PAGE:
Central Peninsula Hospital Wins Most Improved Wireless Hospital Award
CHICAGO—July 7, 2009—Central Peninsula Hospital (CPH) has been named to the nation’s MOST IMPROVED Wired Hospital according to the results of the 2009 Most Wired Survey and Benchmarking Study released today in the July issue of Hospitals & Health Networks magazine.
The 25 Most Improved are organizations who improved the most from the previous year. Marking its 11th year, the Most Wired Survey and Benchmarking Study continues to lead the field in analyses and benchmarking of healthcare Information Technology (IT).
It is Central Peninsula Hospital’s goal to improve patient care and widen their technology advantage over other organizations.
• The Most Wired hospitals have a wide variety of offerings available over the Internet for patient service and customer support, ranging from online patient registration to disease specific self-triage. CPH has made vast improvements to the online experience for patients, physicians, and employees. That investment is planned to continue for years to come.
• IT education is a priority among the Most Wired hospitals and health systems. With the addition of the Mountain Tower, CPH has dedicated time and a computer lab for information systems educational proposes for staff and employees.
• Most Wired hospitals have significantly higher adoption rates among doctors and nurses across a broad set of clinical activities, such as clinical order entry and results review, compared with the least wired hospitals. It is the goal of CPH to provide clinical information to patients, physicians, and staff in a user easy format for clinical decisions to be made accurate and timely.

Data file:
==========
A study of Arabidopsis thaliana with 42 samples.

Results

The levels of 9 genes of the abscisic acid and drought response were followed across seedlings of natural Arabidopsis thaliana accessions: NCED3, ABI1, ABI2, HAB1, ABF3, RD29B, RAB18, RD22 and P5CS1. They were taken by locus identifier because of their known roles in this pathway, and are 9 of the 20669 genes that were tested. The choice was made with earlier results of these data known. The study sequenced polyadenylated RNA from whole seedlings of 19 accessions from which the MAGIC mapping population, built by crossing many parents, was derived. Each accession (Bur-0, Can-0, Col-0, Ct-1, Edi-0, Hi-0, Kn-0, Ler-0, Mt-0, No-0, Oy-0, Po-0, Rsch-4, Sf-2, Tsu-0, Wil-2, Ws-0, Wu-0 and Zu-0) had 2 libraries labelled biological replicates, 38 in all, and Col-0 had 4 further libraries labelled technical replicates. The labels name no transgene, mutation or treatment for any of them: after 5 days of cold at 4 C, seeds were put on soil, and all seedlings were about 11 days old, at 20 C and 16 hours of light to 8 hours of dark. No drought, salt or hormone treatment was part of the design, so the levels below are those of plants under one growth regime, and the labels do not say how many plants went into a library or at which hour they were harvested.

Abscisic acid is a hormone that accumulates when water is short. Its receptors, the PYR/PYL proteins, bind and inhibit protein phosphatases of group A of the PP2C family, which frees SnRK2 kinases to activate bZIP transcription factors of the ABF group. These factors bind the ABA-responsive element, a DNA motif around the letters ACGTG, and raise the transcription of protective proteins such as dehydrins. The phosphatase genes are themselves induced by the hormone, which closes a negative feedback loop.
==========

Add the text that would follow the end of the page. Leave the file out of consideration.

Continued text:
“The Board of Directors at Central Peninsula Hospital (CPH) made IT a part of our strategic plan due to its ability to improve patient outcomes and safety. This support has lead to dramatic achievements in the advancement of technology within the organization over the past year,” says Jason Paret, CFO for CPH.
“We have increased Health Information Technology (HIT) planning activities to ensure that Central Peninsula Hospital is prepared to take our providers, our patients, and our community to the next level of HIT which will include a patient portal allowing patients to manage their own Personal Health Record (PHR),” adds Paret.
“As the health reform debate continues, it’s clear that IT will play an even more important role in the health system of tomorrow,” says Rich Umbdenstock, president and CEO of the American Hospital Association (AHA). “Most Wired hospitals help illustrate IT in action—improving efficiency, quality and safety of care while helping to control costs.”
According to Bryan Downs, Director of Information Services for CPH, "while investing in technology is an important step, commitment to the process changes required in order to capitalize on that technology is the key factor in achieving the desired improvements. This ongoing commitment is what truly makes the difference for our patients, our physicians, and our employees."
As CPH continues to invest in IT that supports quality and safety initiatives. Investment in electronic medication management is considered one of the fundamentals of using IT to improve care. The 2009 Most Wired Survey and Benchmarking Study shows an overall increase in both provider order entry of medications and electronic bedside matching at the time medications are administered. CPH has budgeted to implement electronic bedside reconciliation of medication and plans to implement the technology over the next year.
The Most Wired Survey is conducted annually by Hospitals & Health Networks magazine, the journal of the AHA, which uses the results to name the 100 Most Wired hospitals and health systems. It focuses on how the nation’s hospitals use information technologies for quality, customer service, public health and safety, business processes and workforce issues.